Glasgow & West Scotland

Murder accused said Jack Frew was 'threat to relationship'

Jack Frew
Image caption Jack Frew died from stab wounds to his neck and body

The Jack Frew murder trial has been told that the accused regarded the schoolboy as a "sex pest" and a threat to his relationship with another man.

Forensic psychiatrist Dr Sharat Shetty told the High Court in Glasgow that Craig Roy made the comments during a two-hour interview with him.

He also said the 19-year-old showed no signs of mental illness or disorder.

Mr Roy admits stabbing 16-year-old Jack Frew in East Kilbride in May 2010 but denies murdering him.

The court heard that Dr Shetty was a Consultant Forensic Psychiatrist with NHS Lanarkshire Mental Health Service, before taking up a post in New Zealand four weeks ago.

No disorders

He told the court that he examined Mr Roy on four separate occasions and found no sign of any mental health issues.

The psychiatrist told advocate depute Jennifer Bain, prosecuting, that he carried out a personality disorder examination on Mr Roy.

He said he would have preferred to also have had input from Mr Roy's family and friends, but stated: "There was no sign of a personality disorder. I'm fairly confident of that diagnosis."

Image caption Craig Roy admits stabbing Jack Frew but denies murdering him

Dr Shetty told the court he also examined Mr Roy to see if he was suffering from any mental health problems before or during the death of Mr Frew.

The court heard that Dr Shetty first spoke to Mr Roy in Addiewell Prison a week after Mr Frew's death.

He said: "Craig Roy was 17 at the time. He described himself as a shy, timid individual."

The court has heard that Mr Roy and Mr Frew were both pupils at Duncanrig High School in East Kilbride. Mr Roy was in 6th year and Jack was in 5th year.

Dr Shetty said that Mr Roy described himself as "a teacher's pet" at school and his schoolwork was good until his final year at school when it began to slip, which he claimed was in part due to his relationship with boyfriend Christopher Hannah.

'Sexual pest'

Mr Roy also told Dr Shetty that he wanted to study immunology at Strathclyde University and described Jack as a "sexual pest" who he had a brief sexual experience with.

Mr Roy then claimed that Mr Frew threatened to tell Mr Hannah.

Dr Shetty said: "He thought that Mr Frew was a threat to his relationship with Mr Hannah."

The psychiatrist said that Mr Roy told him he took a knife with him when he went to meet Mr Frew on 6 May 2010.

The witness added: "He said he wanted to show how serious he was and took a small knife with him.

"Mr Roy said he was not a threat to anyone and was pretty weak and took a knife to intimidate him.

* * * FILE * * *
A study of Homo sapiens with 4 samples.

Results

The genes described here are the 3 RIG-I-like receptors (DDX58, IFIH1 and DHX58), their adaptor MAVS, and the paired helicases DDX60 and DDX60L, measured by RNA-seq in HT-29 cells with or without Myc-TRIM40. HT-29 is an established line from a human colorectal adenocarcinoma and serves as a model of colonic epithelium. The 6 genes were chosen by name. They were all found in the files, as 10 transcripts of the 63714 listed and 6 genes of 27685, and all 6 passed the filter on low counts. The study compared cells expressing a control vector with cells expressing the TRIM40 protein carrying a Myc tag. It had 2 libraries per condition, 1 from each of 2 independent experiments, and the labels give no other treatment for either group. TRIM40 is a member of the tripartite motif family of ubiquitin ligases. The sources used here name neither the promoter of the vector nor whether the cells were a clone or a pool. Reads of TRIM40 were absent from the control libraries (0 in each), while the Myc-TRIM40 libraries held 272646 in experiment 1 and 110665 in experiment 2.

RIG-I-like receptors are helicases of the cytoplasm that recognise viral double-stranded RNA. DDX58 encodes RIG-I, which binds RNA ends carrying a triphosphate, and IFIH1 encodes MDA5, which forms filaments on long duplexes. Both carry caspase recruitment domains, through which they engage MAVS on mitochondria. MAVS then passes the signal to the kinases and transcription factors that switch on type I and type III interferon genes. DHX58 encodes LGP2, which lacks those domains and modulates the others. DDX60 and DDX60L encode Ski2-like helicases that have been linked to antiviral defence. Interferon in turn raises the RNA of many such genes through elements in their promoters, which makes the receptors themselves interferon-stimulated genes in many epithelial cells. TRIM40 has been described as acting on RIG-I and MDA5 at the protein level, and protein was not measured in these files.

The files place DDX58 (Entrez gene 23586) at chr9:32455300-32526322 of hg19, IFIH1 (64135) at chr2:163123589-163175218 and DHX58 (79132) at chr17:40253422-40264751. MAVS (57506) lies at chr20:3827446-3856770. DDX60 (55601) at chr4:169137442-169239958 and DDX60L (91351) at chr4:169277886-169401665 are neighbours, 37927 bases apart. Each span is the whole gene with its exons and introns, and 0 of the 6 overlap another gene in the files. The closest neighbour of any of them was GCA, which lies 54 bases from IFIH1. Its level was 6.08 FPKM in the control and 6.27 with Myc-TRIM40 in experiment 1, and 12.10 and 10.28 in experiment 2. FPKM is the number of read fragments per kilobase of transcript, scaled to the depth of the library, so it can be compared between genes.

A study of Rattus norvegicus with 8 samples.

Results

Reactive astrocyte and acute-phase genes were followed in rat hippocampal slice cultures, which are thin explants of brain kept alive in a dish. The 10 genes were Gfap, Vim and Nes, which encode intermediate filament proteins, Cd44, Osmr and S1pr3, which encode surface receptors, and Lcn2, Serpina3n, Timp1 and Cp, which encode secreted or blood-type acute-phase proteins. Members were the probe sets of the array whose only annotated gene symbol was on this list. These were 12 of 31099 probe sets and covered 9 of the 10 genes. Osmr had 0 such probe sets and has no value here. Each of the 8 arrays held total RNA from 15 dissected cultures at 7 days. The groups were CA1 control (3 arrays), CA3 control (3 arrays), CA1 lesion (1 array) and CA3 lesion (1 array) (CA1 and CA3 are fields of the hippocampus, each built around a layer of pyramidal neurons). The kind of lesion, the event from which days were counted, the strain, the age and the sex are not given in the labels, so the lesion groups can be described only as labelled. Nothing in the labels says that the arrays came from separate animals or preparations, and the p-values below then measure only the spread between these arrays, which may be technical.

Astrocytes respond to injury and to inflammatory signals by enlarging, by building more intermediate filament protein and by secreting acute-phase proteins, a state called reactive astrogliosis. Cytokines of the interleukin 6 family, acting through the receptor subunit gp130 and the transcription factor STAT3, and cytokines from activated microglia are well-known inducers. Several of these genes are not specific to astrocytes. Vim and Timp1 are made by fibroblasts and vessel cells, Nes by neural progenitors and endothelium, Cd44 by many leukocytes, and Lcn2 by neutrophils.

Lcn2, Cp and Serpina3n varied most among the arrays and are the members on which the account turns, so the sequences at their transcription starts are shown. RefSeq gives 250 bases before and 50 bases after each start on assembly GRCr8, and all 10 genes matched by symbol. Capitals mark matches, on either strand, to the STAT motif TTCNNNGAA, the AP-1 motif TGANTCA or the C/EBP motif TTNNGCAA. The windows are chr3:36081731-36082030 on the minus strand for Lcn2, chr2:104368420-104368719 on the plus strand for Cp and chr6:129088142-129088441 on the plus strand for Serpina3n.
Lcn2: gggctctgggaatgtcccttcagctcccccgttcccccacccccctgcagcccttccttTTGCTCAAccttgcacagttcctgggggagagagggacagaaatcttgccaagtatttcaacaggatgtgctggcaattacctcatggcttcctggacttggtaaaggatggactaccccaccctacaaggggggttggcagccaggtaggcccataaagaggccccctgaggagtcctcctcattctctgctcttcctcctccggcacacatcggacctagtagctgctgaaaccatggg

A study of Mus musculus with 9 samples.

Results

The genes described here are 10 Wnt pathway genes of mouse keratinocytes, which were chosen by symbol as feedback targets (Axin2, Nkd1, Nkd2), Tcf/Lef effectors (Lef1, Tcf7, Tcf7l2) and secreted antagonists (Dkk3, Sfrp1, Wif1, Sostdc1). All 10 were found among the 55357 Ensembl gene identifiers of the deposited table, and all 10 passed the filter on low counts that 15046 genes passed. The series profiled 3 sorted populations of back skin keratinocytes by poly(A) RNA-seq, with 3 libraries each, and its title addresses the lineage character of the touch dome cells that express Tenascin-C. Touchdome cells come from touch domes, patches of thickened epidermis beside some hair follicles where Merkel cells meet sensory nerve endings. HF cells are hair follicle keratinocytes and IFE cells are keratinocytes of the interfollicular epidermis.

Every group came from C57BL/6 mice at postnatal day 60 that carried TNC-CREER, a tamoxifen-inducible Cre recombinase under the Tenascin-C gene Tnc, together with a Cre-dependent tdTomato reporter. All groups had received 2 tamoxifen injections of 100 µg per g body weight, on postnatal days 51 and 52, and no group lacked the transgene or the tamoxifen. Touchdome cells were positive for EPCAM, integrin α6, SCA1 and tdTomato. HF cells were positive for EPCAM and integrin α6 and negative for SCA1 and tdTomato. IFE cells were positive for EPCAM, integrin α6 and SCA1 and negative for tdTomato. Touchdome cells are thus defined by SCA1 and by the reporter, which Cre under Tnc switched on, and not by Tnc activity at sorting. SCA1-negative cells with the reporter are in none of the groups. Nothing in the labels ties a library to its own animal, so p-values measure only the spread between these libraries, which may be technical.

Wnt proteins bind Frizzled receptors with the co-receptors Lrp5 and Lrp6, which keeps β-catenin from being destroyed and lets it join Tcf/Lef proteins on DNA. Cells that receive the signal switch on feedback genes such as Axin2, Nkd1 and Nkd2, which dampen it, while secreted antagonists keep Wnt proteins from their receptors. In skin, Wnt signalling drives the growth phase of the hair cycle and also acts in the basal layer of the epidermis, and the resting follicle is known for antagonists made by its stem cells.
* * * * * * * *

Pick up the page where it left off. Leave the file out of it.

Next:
"He said it showed he was serious about keeping his distance from Mr Frew. He was saying he wanted to intimidate him not attack him."

Dr Shetty added: "He felt he had to threaten him to show he was a strong person himself."

The witness told the jury that Mr Roy could remember nothing of the incident after Mr Frew allegedly tried to initiate sex.

'Very sad'

He added: "Leading up to the offence he was entirely normal. There was no evidence of mental illness when I examined him a week later."

Referring to Mr Roy reaction to Mr Frew's death, Dr Shetty said: "He expressed great remorse for what had happened and was quite tearful about it.

"He was very sad about what he had done and the impact it has had on Mr Frew's family."

Dr Shetty also said Mr Roy was not insane or suffering from diminished responsibility when he stabbed Mr Frew.

"There were no abnormalities that would impair his mind or give grounds for diminished responsibility," he said.

The psychiatrist was told by prosecutor Miss Bain that two defence psychiatrists claim that Mr Roy may be suffering from a personality disorder.

Anger outbursts

He agreed that Roy had some traits associated by personality disorders, but added: "The symptoms are not severe enough."

Under cross-examination, defence QC David Burns asked: "Mr Roy told you he had outbursts of jealousy or anger but didn't outwardly express it and instead destroyed some of his own things, do you consider that normal?" and Dr Shetty replied: "Yes."

Mr Burns added: "He told you about self harming by scratching himself, but you chose not to put that in your report," and Dr Shetty said: "That's correct."

Dr Shetty was then asked if he knew that Mr Roy's mother refused to allow his lover Christopher Hannah in their home and he replied: "No, he didn't tell me that."

The psychiatrist also revealed that Mr Roy told him he was suffering from anxiety, altered sleep patterns, had trouble sleeping and feared that Mr Frew would haunt him.

Mr Burns asked: "These are a possible feature of borderline personality?"

Dr Shetty replied: "Yes, but in my opinion it is more likely to be post-traumatic stress disorder."

Mr Burns told Dr Shetty that the case was about whether Mr Roy was suffering from a personality disorder which affected his action on 6 May 2010 and whether he would be found guilty of murder or culpable homicide and he replied: "That's correct."

The trial before judge Lord Doherty continues.